Mohave County logs 46 COVID cases, 4 deaths in 2 days
Kingman – Even as some parts of the nation see a decline in coronavirus cases, the case count in Mohave County, along with the rest of Arizona, continues to rise dramatically.
There were 46 new cases and four more deaths reported by the Mohave County Department of Public Health on Tuesday and Wednesday, June 9-10.
The deaths, which were reported on Wednesday, were all older adults from the Bullhead City service area, including one age 70-79, two age 80-89 and one in the 90-plus age bracket.
There have now been 555 cases and 60 deaths in the county since the first case was confirmed on March 24.
The increasing number of cases can be attributed in part to increased testing, including the testing of all residents in long-term care facilities by the Arizona Department of Health Services.
The sprawling Kingman service area has borne the brunt of the damage with 243 cases and 36 deaths. But Bullhead City, the new epicenter of the county’s outbreak in June, has now logged 194 cases – perhaps due to increased testing – and 15 deaths.
There were seven new cases reported in Kingman, all on Tuesday, including two adults who are hospitalized. One is in the age 30-39 bracket, while the other is age 80-89.
According to AZDHS, 7,265 county residents have been tested for the virus, including 1,677 antibody tests, which only determine if the individual previously had the disease. County health officials say 185 residents had recovered as of Monday, June 8.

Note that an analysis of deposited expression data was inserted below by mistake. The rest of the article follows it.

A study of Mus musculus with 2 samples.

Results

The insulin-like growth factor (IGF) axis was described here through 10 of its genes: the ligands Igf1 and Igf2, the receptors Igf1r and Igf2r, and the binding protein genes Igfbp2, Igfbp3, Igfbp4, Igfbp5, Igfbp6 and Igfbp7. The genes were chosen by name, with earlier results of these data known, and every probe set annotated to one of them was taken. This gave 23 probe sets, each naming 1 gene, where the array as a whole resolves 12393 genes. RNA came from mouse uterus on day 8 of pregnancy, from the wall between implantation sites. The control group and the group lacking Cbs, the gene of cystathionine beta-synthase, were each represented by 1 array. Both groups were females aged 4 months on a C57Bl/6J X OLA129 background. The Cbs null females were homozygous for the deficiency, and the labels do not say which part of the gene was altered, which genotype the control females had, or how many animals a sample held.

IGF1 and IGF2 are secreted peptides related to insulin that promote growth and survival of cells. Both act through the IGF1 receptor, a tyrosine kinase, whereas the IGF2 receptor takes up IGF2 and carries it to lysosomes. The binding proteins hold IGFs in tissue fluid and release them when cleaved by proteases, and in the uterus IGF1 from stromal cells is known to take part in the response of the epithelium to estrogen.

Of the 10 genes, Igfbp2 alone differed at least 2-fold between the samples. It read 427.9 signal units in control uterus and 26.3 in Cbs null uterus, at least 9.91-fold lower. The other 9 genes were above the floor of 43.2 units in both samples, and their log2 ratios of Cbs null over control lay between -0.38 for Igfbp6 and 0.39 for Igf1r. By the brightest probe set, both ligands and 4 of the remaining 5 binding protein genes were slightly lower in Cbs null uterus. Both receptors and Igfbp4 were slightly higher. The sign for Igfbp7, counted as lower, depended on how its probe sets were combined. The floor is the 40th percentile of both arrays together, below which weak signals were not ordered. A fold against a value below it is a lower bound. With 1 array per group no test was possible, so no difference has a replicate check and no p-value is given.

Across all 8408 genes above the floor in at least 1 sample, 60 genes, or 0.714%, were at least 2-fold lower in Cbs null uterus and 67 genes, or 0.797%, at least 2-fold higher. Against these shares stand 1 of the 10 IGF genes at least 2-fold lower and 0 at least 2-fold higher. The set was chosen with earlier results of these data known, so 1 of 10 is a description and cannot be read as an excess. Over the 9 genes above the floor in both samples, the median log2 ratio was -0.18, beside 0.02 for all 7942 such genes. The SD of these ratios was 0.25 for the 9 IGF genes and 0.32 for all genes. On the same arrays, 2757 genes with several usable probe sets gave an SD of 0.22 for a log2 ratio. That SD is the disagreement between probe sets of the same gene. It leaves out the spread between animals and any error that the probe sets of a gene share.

Statewide, AZDHS was reporting that 31,264 Arizonans have contracted the virus, and 1,127 have died. Nationwide, Reuters was reporting more than 2 million confirmed cases and 112,848 deaths.
The Kingman service area includes Kingman, New-Kingman/Butler, Chloride, Valentine, Meadview, Wikieup, Yucca, White Hills, Hackberry, Peach Springs, Dolan Springs, Golden Valley, Hualapai tribal areas, Oatman and Valle Vista.
For most people, the coronavirus causes only mild or moderate symptoms, such as fever and cough. For others, especially older adults and people with existing health problems, it can cause more severe illness, including pneumonia.
The vast majority of patients recover. According to the World Health Organization, people with mild illness recover in about two weeks, while those with more severe illness may take three to six weeks to recover.
To contain the spread of the virus health officials recommend wearing a face mask while out in public, maintaining a physical distance of at least 6 feet from others, and washing hands frequently.